Selfless Snap: Olivia Wilde Takes on SeaWorld


The 29-year-old Pisces Tweeted, “Only movie I want to go see this week: Blackfish. Watch out, Sea World. We are on to you.” “Blackfish” tells the story of one particular killer whale,  Tilikum. As ABC News states, “There have been four deaths involving killer whales in captivity, and Tilikum has been associated with three of them.” The film specifically focuses on the death of gifted trainer Dawn Brancheau, who was killed by Tilikum in 2010. The film also explains “that the psychological stress of captivity and being made to perform caused Tilikum (and other cetaceans as well) such stress that severe trauma and aggression is the result.”

A normal life for a killer whale in the ocean is traveling around 100 miles a day, while in captivity they are limited, extremely limited. This causes an immense amount of stress within the animal, which triggers trauma and aggression. For 25 years, Tilikum lived in an enclosure whose size would be comparable to a human living in a bathtub. When these animals are taken into captivity, not only are they taken away from their family units, but they are deprived of communication with other whales, which they rely on heavily in the wild. Killer whales use echolocation, a complicated system of sounds, to communicate and hunt in the wild. But when they use these sounds, which are capable of traveling long distances in the ocean, in captivity, the sound bounces right back off the wall, creating sensory deprivation.

SeaWorld has responded to the film, stating: “Instead of a fair and balanced treatment of a complex subject, the film is inaccurate and misleading and, regrettably, exploits a tragedy that remains a source of deep pain for Dawn Brancheau’s family, friends and colleagues.”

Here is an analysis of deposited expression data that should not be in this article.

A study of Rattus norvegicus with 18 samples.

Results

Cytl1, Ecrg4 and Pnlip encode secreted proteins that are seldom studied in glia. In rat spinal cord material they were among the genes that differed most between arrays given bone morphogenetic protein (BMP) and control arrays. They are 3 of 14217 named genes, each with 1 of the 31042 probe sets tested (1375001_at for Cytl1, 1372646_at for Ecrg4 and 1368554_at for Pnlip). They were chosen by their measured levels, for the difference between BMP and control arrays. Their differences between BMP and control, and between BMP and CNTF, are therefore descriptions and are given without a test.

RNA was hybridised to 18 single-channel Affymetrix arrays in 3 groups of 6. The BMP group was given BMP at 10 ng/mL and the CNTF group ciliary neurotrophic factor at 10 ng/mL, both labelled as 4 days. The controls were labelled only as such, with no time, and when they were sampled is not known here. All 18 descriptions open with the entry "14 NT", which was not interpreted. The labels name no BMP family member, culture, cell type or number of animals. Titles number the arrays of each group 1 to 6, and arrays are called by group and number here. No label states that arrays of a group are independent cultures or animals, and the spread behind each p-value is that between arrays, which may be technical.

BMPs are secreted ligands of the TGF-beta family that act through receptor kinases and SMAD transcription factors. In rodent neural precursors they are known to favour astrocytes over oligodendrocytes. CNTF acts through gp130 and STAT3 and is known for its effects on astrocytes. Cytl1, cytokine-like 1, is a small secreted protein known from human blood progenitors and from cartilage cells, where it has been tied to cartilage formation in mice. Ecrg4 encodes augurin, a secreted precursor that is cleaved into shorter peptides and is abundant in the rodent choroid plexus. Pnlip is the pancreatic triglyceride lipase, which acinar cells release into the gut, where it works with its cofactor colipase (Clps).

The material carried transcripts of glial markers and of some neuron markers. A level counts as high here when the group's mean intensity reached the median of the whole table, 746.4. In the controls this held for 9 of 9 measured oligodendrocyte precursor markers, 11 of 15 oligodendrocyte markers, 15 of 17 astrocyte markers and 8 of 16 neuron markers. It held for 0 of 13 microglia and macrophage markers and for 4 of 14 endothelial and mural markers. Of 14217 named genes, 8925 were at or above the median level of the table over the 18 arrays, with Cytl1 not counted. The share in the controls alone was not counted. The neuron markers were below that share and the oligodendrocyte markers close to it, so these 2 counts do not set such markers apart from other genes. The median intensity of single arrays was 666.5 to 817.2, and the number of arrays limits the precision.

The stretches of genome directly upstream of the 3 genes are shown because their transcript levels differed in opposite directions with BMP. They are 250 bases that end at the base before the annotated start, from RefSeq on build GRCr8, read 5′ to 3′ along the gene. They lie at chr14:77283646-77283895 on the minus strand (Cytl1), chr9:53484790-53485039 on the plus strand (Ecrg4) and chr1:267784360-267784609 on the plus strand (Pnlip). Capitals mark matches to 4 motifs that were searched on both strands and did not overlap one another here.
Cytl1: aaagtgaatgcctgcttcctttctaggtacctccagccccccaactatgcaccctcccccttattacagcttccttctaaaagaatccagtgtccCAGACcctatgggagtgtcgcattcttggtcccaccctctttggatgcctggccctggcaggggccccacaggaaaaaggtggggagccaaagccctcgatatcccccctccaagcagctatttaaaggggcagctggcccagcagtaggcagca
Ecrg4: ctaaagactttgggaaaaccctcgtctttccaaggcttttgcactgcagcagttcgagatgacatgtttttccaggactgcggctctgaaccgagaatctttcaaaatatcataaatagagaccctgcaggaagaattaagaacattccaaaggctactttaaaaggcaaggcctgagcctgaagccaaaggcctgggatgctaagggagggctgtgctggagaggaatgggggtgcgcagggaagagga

David Kirby, author of Death At SeaWorld, refutes all of SeaWorld’s complaints in this letter, and told NPR that SeaWorld’s claims are easily disputable. He also wisely stated: “My book is not against SeaWorld, nor is ‘Blackfish,’ per se. The message is against keeping killer whales in captivity, wherever they are being held. SeaWorld does do work with animal rescue, conservation, and outreach to local schools, though contributions to science and to the education of park guests are meager, at best. But the public is getting the message that captivity is wrong, and ‘Blackfish’ will really help. Besides, SeaWorld can survive and thrive without live whales and dolphins. Look at the hugely popular Monterrey Aquarium in California: Not a cetacean in sight, by design.”

To take action, find out if the film is playing at a theater near you and check out the film’s website, which lists orgs you can get involved with.

+ Watch the “Blackfish” trailer.


Watch Blackfish

Check if 'Blackfish' is playing at your local theater. It's an eye-opening doc about the dangers of keeping killer whales in captivity.


Whale and Dolphin Conservation

This org is dedicated to the conservation and protection of whales and dolphins.